Indiana C-stores Begin Alcohol Reform Advocacy Campaign
INDIANAPOLIS — Indiana convenience stores are calling for changes to the state’s alcohol laws, and want Hoosiers to hear them out.
In order to do so, the state’s Petroleum Marketers and Convenience Store Association is leading and funding “Chill Indiana,” an advocacy campaign that comes as lawmakers prepare to study alcohol laws this summer, reported WBAA.
According to the association’s executive director Scot Imus, the campaign’s exact plans are undecided; but it will use the most influential tool at its disposal: retailers’ relationships with customers.
“The convenience store industry sees thousands of customers and so we have the audience and we will certainly use those stores to reach that audience,” Imus commented.
Coinciding with the campaign’s launch, Chill Indiana released a public poll, which shows that more than 70 percent of Hoosiers support giving drugstores, grocery stores and convenience stores the right to sell cold beer, The Journal Gazette reported.
The poll’s results found that:
- 71 percent of Hoosiers favor allowing all licensed retailers the right to sell cold beer;
- 65 percent support Sunday carryout sales of alcohol; and
- 59 percent oppose restricting the sale of spirits like scotch and vodka to liquor stores only.
Similar sentiments were found in 2015, when a poll showed that nearly 60 percent of Hoosiers supported allowing retail sales of alcohol on Sundays. This was a progression from a 2006 poll by the Indianapolis Star that found that 50 percent supported keeping the Sunday ban in place.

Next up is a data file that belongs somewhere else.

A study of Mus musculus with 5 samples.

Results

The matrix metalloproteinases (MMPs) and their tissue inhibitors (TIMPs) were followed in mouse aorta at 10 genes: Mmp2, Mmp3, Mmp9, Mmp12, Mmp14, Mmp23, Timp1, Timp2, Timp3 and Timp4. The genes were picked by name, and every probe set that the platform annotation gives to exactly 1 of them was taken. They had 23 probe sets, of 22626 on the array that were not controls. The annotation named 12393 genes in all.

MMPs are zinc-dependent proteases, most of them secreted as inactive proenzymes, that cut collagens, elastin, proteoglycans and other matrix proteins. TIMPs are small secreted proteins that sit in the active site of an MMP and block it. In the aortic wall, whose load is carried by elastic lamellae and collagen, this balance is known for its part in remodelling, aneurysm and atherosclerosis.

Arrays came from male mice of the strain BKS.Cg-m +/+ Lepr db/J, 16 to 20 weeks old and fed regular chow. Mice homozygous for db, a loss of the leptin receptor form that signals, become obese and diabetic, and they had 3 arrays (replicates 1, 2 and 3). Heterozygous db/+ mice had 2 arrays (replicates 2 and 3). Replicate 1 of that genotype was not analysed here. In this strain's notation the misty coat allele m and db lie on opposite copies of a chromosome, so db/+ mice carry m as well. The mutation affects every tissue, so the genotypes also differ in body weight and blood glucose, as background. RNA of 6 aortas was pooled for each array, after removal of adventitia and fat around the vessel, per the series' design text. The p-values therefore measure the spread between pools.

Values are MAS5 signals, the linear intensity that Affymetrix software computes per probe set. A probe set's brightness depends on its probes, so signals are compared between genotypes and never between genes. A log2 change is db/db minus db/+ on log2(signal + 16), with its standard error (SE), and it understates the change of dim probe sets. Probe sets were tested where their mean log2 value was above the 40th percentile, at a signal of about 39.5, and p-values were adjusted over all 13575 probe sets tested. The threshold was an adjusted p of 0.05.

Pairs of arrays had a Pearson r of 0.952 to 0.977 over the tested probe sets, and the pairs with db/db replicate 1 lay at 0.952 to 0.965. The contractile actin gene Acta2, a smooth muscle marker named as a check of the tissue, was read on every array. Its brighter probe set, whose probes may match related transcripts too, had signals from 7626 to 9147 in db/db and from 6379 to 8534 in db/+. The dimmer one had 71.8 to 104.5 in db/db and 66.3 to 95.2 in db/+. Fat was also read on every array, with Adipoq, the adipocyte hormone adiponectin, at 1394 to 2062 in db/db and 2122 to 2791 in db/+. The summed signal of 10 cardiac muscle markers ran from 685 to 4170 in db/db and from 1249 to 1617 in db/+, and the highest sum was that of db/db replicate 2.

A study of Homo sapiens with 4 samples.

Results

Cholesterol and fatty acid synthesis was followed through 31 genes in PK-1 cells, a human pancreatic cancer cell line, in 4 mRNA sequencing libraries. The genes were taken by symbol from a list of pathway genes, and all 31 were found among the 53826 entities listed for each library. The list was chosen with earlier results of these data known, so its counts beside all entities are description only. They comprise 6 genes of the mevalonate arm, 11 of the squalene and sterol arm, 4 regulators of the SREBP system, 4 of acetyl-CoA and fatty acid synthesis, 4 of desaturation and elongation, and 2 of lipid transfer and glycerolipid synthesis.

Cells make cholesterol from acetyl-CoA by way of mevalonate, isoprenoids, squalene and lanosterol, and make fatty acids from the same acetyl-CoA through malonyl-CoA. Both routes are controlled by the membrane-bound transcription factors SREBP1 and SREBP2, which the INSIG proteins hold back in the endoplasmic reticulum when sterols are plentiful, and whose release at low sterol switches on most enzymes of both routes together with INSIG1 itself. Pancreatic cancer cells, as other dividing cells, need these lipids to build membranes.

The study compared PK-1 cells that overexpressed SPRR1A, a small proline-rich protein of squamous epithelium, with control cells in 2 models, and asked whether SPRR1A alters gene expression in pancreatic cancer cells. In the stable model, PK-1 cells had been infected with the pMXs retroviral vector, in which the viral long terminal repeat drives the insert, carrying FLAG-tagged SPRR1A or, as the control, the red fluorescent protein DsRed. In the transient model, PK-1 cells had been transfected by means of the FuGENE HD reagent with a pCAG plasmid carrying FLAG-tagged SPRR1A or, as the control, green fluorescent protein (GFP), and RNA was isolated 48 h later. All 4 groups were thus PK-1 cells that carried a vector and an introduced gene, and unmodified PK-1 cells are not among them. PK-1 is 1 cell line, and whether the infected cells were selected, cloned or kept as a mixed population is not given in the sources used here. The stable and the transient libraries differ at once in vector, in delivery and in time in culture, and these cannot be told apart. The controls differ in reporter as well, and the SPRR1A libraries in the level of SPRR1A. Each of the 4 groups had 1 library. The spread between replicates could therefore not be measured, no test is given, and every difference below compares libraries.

As The Journal Gazette reported, this isn’t the first supportive poll or the first special committee on the topic, but many see momentum this year after a contentious legislative session.
“Indiana's alcohol laws are clearly outdated as many of these policies haven't been overhauled in generations,” House Speaker Brian Bosma said. “That's why Senate leader David Long and I agreed to create a new commission, which will do a deep dive over the next two years to identify responsible, commonsense solutions to bring Indiana's laws into the 21st century.”
As the news outlet reported, the topic of liquor licensing came to a head at the end of a legislative session when GOP leaders realized the state Alcohol and Tobacco Commission had granted restaurant licenses to two Ricker's convenience stores that added sit-down Mexican food.
That license allowed the stores to sell cold beer, wine and liquor for on-site consumption as well as carryout. Liquor stores and lawmakers objected to the newfound interpretation of the law.
In a statement, the Indiana Beverage Retailers Association — which represents liquor stores — calls the campaign “well-intentioned,” but said it misses the point that alcohol is dangerous and buying it shouldn’t be convenient.
“Big Oil is well-intentioned with their polls and campaign. However, they miss the point: alcohol is a dangerous commodity. It is not meant to be convenient,” said Jon Sinder, vice chair of the Indiana Association of Beverage Retailers. “As our state continues to be embroiled in a deepening addiction crisis, it is more important than ever that we look for ways to control access to potentially fatal commodities, not continue down the road of deregulation.”
In response, Imus said his group is pushing primarily to end the limitation on cold beer, as Indiana is the only state to distinguish between selling warm and cold beer in alcohol licensing. He added that allowing Sunday carryout sales is “an item of low-hanging fruit” for legislators to consider, the news outlet reported.
Legislators on the Interim Study Committee on Alcoholic Beverage Issues examined about a dozen issues related to the sale and regulation of alcohol in 2008 and 2009. Ultimately, the group opposed Sunday sales and voted unanimously against expanding the sale of cold beer beyond package liquor stores.